BY Fraser Tennant
The prevalence of corporate bankruptcies in the US – which has been declining steadily over the past seven years – has now largely levelled off according to new figures released this week by BankruptcyData.com.
The ‘Q3 2015 Business Bankruptcy Filing Report’ – which provides a snapshot of the most recent quarter's business bankruptcy landscape – reveals that there were 22,680 corporate bankruptcy filings in the first three quarters of 2015, a 16 percent drop in comparison to Q3 2014 (26,992 filings).
Furthermore, the BankruptcyData.com report highlights the fact that there has been an average of 120 filings per business day so far in 2015, with March proving to be a particularly busy month for bankruptcies among public and private companies.
Drilling-down, the filings in the report are broken down into elements such as industry, sales volume and company size, so that insight into the most recent activity in the business bankruptcy sector can be drawn.
In terms of industry, key findings in the report include the disclosure that: (i) the service industry (the US economy's biggest employer) generated the largest percentage of overall bankruptcies in Q3 2015 with 34.78 percent; and (ii) the service industry's 2015 year-to-date bankruptcy figure of 35.95 percent is down 10 percent from the same time period in 2013, reflecting the relative health of the industry compared to other sectors like manufacturing and finance/insurance/real estate – the bankruptcy percentage figures of which have grown over the past year.
The report’s figures also highlight the recent surge in mining and energy–related bankruptcies, with the mining sector recognised as having generated 10 percent of overall bankruptcies in Q3 2015 (typically this figure is 1 to 2 percent).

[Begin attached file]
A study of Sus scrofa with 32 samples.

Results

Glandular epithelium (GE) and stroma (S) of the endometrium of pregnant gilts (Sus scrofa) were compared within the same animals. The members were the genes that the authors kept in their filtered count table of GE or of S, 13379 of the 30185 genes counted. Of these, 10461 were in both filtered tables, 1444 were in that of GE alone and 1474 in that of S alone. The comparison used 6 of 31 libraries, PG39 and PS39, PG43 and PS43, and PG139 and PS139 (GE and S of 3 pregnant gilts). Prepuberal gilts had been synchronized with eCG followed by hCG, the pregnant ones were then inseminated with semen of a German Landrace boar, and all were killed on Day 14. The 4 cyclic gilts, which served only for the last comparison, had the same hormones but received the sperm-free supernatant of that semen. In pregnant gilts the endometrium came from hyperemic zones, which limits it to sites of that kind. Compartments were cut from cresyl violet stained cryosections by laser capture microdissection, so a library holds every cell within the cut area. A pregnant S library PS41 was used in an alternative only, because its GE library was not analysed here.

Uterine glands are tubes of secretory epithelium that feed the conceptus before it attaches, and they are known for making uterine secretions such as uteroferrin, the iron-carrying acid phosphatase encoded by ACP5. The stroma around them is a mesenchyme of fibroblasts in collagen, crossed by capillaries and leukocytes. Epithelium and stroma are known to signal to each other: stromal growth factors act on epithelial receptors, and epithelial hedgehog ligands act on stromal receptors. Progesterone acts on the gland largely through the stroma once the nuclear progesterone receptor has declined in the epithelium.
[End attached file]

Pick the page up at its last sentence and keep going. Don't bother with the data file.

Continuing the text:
Elsewhere in the report, the small business sector, often considered the ‘backbone of the economy’ in the US, is revealed as having seen the most bankruptcies in Q3 2015, with 75 percent of all business bankruptcies filed by companies with $2.5m in sales or less. Likewise, businesses with less than 50 employees generated 84 percent of all bankruptcies in Q3 2015.
Additional key findings include that for the first time in several quarters, New York has surpassed California as the state that contributes the largest percentage of overall bankruptcies, generating 14.53 percent in Q3 2015. The state of Virginia also experienced a large jump in their percentage of overall bankruptcies: moving from 1.76 percent of all bankruptcies in Q1 2015 to 7.59 percent in Q3 2015.
Whilst forecasting that the downward spiral of bankruptcies seen in recent years is likely to continue, the BankruptcyData.com report does provides a word of warning for sectors and industries: “Other factors could lead to an eventual increase in bankruptcies across all sectors: interest rates will eventually rise and reach a point at which they will prevent the small to mid-sized business owner from taking on more debt and bankruptcy will have to be considered. The number of over-leveraged balance sheets continues to grow, which means a distressed cycle may not be too far off.”